Conventions play to TV, but with little suspense

August 21, 2012

By JENNIFER C. KERR, Associated Press – 5 hours ago

WASHINGTON (AP) — Long gone are the passionate debates. Long gone is the suspense about who will emerge as the party’s presidential nominee. Political conventions now are carefully scripted pep rallies aimed at a national TV audience.

Not since the 1970s, in fact, has the nation had a major-party national convention begin with the nominee in doubt. Americans already know how the story will end at this year’s Republican and Democratic national gatherings. So have modern-day conventions become irrelevant?

Not completely.

For the parties, conventions are colossally significant events — opportunities to claim precious hours of free prime-time television and showcase their nominees to millions. They preview the fall campaigns that are commencing and give the parties a chance to promote unity and excitement.

“Conventions have become more of a launch pad for the presidential campaign,” says Stephen Wayne, a presidential scholar at Georgetown University and author of the book “The Road to the White House.” ”They excite the people. They excite the party base.”

For everyday Americans, maybe not.

Plenty of people aren’t focused in the waning days of summer on politics, government and the direction of the country. “People tune in for the final speech,” says Wayne.

And for many, that’s about it.

Nielsen ratings show about 22 million people watched the first full-coverage nights of the 2008 Republican and Democratic conventions, which featured speeches by Democrat-turned-independent Sen. Joe Lieberman of Connecticut for the GOP and by Michelle Obama and ailing Sen. Ted Kennedy of Massachusetts for the Democrats. The Republicans’ opening session in St. Paul, Minn., was scaled back sharply as attention and concern focused on Hurricane Gustav’s threat to the New Orleans area.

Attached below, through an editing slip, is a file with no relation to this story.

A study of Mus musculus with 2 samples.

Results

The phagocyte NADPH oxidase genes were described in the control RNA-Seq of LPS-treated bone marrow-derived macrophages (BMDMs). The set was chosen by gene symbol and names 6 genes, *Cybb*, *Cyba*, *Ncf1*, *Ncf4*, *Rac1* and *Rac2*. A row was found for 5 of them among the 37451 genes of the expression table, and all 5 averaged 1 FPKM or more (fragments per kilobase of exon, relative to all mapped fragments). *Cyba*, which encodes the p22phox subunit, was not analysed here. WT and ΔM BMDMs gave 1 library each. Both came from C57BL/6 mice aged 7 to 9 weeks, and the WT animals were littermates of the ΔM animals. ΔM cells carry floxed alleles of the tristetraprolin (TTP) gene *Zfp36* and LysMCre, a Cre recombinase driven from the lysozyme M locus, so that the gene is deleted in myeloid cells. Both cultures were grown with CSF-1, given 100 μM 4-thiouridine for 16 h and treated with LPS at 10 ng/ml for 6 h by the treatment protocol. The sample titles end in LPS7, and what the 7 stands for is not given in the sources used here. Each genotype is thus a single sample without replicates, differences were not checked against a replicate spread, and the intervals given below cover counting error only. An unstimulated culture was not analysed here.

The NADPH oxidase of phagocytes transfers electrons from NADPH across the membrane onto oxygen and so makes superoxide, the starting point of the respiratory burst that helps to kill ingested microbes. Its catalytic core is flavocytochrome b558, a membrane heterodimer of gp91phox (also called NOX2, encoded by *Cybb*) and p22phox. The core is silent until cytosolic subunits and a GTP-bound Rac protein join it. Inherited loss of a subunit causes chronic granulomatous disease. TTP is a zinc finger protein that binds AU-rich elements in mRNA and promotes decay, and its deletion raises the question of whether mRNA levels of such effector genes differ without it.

On the final nights of the conventions, about 38 million people tuned in for the nomination acceptance speeches of Barack Obama and John McCain — slightly more than the 35 million viewers who watched as the Summer Olympic Games opened in Beijing a few weeks earlier.

Modern-day conventions, spanning three to four days, feature speeches, votes on rules and debates over the issues to be presented in the party’s platform — where the party stands on taxes, terrorism, abortion, immigration and other issues. They also can help to launch up-and-comers — like a little-known senate candidate named Barack Obama, who was chosen to give the keynote address at the 2004 Democratic convention.

No doubt the keynotes this time around should generate interest. For the GOP, the sometimes-combative governor of New Jersey, Chris Christie, has been tapped to take the high-profile spot in Tampa, Fla. For the Democrats, San Antonio, Texas, Mayor Julian Castro will take the stage in Charlotte, N.C. — the first Hispanic keynote speaker at a Democratic convention.

While the keynotes and other speeches by party stars attract headlines, conventions these days don’t make the kind of news they did in decades past.